Chefs work briskly behind Asahi’s sushi bar to prepare for the dinner rush (Lauren Molander)
In Fells Point and craving sushi? If you explore South Broadway just north of the waterfront “party zone,” you’ll find Asahi Sushi, and you’ll likely be glad you did.
Asahi is a treasure for anyone in the mood for a wide selection of fresh, affordable, very tasty sushi and more.
I visited Asahi on a rainy Tuesday night, with my boyfriend, James, and our friends Nate and Rachel. Upon entering the cozy eatery, we immediately forgot the traffic, puddles, and “adult businesses” just outside as we were welcomed warmly by a soft-spoken young man, and seated right away.
With the slender layout Fells Point establishments are known for, Asahi is intimate but surprisingly roomy. The wrap-around sushi bar features 15 or so seats, and more than enough elbow room. Two chefs bustle behind it, slicing away at fish and vegetables. Past the bar, where we’re sitting, are about 10 tables in a small dining area.
But, onto the food.
My friends and I sit all over the “sushi adventurousness” spectrum. So, we were happy to see a diverse menu, which features all of the dishes you’d hope to see at a sushi restaurant (appetizers like gyoza and tempura, Japanese dishes like donburi and teriyaki and of course, sushi and sashimi), but also several Korean dishes like bibimbap, kimchi and bulgogi.
The list of sushi rolls is impressive, with more than50 different types including raw, cooked, vegetarian and tempura.
Prices are generally modest. Appetizers average $6-7, and cooked entrees like teriyakis, tempura and Korean dishes range from $10-17 (the few pricier options are seafood). The sushi prices aren’t exactly a steal, but are certainly competitive with other places in the area. Asahi also offers $7.95 lunch specials on weekdays, featuring satisfying portions of dishes raw and cooked.
Our sever, the same young man who greeted us, was pleasant and extremely patient with our collective indecisiveness.
As appetizers, James settled on a spicy tuna roll, Rachel and Nate an order of gyoza, and I ordered a squid salad.
The spicy tuna roll was filled with cucumber and big hunks of fish (not the shredded, mushy concoction often used elsewhere), covered in a peppery red sauce.
“I love that the sauce seems to marinate [the fillings], instead of just being dumped on top,” James said.
The gyoza, or pan-fried dumplings, were filled with savory beef and zippy scallions, and served with a bold, thick sauce of soy, chili pepper and sesame seeds. The squid salad was a bit small for $6.95, but delicious. Bits of tender, rice vinegar-marinated squid mixed pleasingly with crunchy bamboo shoots and mushrooms, as chopped green onions and mild chili peppers added an exciting brightness.
For our main courses, James ordered the beef katsu, Rachel the California and shrimp tempura rolls, and Nate the chicken teriyaki. I went a bit overboard, with a salmon roll and salmon skin roll, as well as an order of squid and octopus sushi (two pieces of nigiri each).
The beef katsu featured two thin-cut pieces of beef, breaded in panko and fried, served with a heaping portion of white rice. The beef was very crispy and not at all greasy, and its gentle flavor paired well with the sweet, A-1 like sauce that came with it.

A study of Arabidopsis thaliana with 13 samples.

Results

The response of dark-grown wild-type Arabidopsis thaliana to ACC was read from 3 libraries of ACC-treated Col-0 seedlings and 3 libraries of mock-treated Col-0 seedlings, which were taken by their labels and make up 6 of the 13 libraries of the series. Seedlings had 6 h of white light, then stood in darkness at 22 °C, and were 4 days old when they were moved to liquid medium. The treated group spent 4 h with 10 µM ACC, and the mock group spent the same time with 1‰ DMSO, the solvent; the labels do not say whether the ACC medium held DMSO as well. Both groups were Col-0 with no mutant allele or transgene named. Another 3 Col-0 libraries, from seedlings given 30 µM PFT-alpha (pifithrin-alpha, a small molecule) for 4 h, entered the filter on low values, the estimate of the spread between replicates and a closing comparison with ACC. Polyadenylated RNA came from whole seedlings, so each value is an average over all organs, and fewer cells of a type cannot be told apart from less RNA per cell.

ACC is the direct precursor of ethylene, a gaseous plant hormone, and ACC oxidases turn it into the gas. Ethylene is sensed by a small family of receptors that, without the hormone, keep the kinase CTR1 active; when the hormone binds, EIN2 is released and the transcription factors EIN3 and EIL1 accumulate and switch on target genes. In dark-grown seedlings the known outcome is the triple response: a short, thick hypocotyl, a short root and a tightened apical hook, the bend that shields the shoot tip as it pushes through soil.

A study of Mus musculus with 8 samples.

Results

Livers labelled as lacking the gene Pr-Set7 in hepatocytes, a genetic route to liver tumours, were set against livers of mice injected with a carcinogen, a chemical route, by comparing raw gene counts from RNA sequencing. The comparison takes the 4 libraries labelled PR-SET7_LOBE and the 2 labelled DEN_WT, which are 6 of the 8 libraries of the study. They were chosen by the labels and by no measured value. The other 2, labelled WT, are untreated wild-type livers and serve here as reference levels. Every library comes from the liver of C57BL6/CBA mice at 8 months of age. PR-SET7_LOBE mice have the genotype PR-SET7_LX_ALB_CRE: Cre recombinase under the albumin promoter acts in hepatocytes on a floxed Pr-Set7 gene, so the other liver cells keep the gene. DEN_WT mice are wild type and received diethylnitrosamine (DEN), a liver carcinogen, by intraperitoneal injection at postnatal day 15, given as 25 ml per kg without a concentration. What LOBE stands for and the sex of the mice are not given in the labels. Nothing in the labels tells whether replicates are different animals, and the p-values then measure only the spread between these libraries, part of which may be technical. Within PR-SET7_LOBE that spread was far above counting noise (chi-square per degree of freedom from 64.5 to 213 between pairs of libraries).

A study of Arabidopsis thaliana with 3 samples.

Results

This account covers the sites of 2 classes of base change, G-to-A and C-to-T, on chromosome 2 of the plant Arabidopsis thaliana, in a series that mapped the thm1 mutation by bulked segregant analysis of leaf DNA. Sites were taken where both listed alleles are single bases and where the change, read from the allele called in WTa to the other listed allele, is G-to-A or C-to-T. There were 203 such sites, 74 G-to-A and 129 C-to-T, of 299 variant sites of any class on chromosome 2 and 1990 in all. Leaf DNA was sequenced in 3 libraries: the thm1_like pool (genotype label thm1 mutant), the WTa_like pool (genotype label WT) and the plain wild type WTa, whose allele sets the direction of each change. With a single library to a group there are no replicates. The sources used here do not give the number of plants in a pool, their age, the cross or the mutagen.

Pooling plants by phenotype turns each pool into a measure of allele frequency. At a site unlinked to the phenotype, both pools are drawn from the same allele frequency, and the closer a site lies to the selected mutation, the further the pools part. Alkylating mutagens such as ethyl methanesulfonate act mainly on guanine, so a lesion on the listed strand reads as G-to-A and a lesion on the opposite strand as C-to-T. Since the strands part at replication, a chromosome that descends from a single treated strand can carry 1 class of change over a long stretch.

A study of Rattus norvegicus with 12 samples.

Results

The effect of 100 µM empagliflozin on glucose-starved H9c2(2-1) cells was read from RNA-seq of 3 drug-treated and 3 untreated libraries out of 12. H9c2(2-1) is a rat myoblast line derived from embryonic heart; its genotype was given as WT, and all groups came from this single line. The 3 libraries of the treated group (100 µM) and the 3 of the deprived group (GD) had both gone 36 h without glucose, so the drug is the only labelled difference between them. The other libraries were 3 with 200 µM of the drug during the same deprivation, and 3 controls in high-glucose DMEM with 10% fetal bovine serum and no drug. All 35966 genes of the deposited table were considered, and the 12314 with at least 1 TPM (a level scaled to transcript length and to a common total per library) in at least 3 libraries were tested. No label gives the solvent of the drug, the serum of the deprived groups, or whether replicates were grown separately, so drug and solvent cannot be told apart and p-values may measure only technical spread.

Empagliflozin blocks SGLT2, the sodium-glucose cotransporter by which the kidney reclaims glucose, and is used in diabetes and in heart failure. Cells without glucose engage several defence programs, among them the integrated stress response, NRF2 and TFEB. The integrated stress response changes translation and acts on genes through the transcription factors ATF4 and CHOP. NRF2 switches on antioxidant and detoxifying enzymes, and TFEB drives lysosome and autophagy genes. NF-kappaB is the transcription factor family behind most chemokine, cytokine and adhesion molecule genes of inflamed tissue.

The accompanying miso soup, which was mellow-tasting and the perfect temperature, actually convinced James (a staunch non-fan of miso) to finish his bowl. The small salad also included in the meal was tossed with a light, sweet and slightly tart sesame dressing, shredded carrots and cucumbers. An attractive sprinkling of black and white sesame seeds added a pleasant crunch.
Rachel’s California roll featured real crab, and the shrimp tempura was “light-as-air crunchy.” Nate’s chicken teriyaki came with an impressive variety of vegetables like zucchini, broccoli and red and green peppers. The sauce was flavorful but not at all syrupy, as is so often the case.
My salmon roll tasted fresh and delicate, though the salmon skin roll was a bit saltier and fishier-tasting than I’d hoped (I’d never ordered it before- I don’t know what I expected). But, it had a very satisfying crunch, and the sweet eel sauce drizzled on top helped to balance the flavors.
The nigiri sushi was my favorite part of the whole meal. Small pieces of bright, white squid and perfectly cooked octopus were placed neatly atop balls of delicately seasoned rice. The squid, which had a satisfying “snap” when bitten into, was some of the freshest-tasting I’ve had. The briny, meaty and extremely tender octopus, though, was the star of the show. I would brave Fells Point parking on a weekend to order that, alone.
Service at Asahi was prompt, friendly and consistent. Despite a sudden evening rush, our table was never neglected and our drinks never empty.
With pleasant well-wishes from our server, we left feeling full, happy and not completely broke, which is more than enough to bring us back again.
Asahi Sushi, also offers carry-out; it is located at 514 South Broadway in Fells Point.
For more information visit their website.
Lauren Molander, a Baltimore native, is on a long-winded journey to find her place in the world. She majored in Media and Communications Studies at UMBC, and hopes to build a career working with words.
Lauren is unusually enthusiastic about roller coasters, SNL, fancy teas, cosplay culture and the broody music of her early teenage years. In her free time, she can be found playing with makeup, beating the same video games repeatedly, begging her cats for affection, reading books by funny people and binging on anime.
She is still waiting patiently for her (tragically delayed) letter from Hogwarts.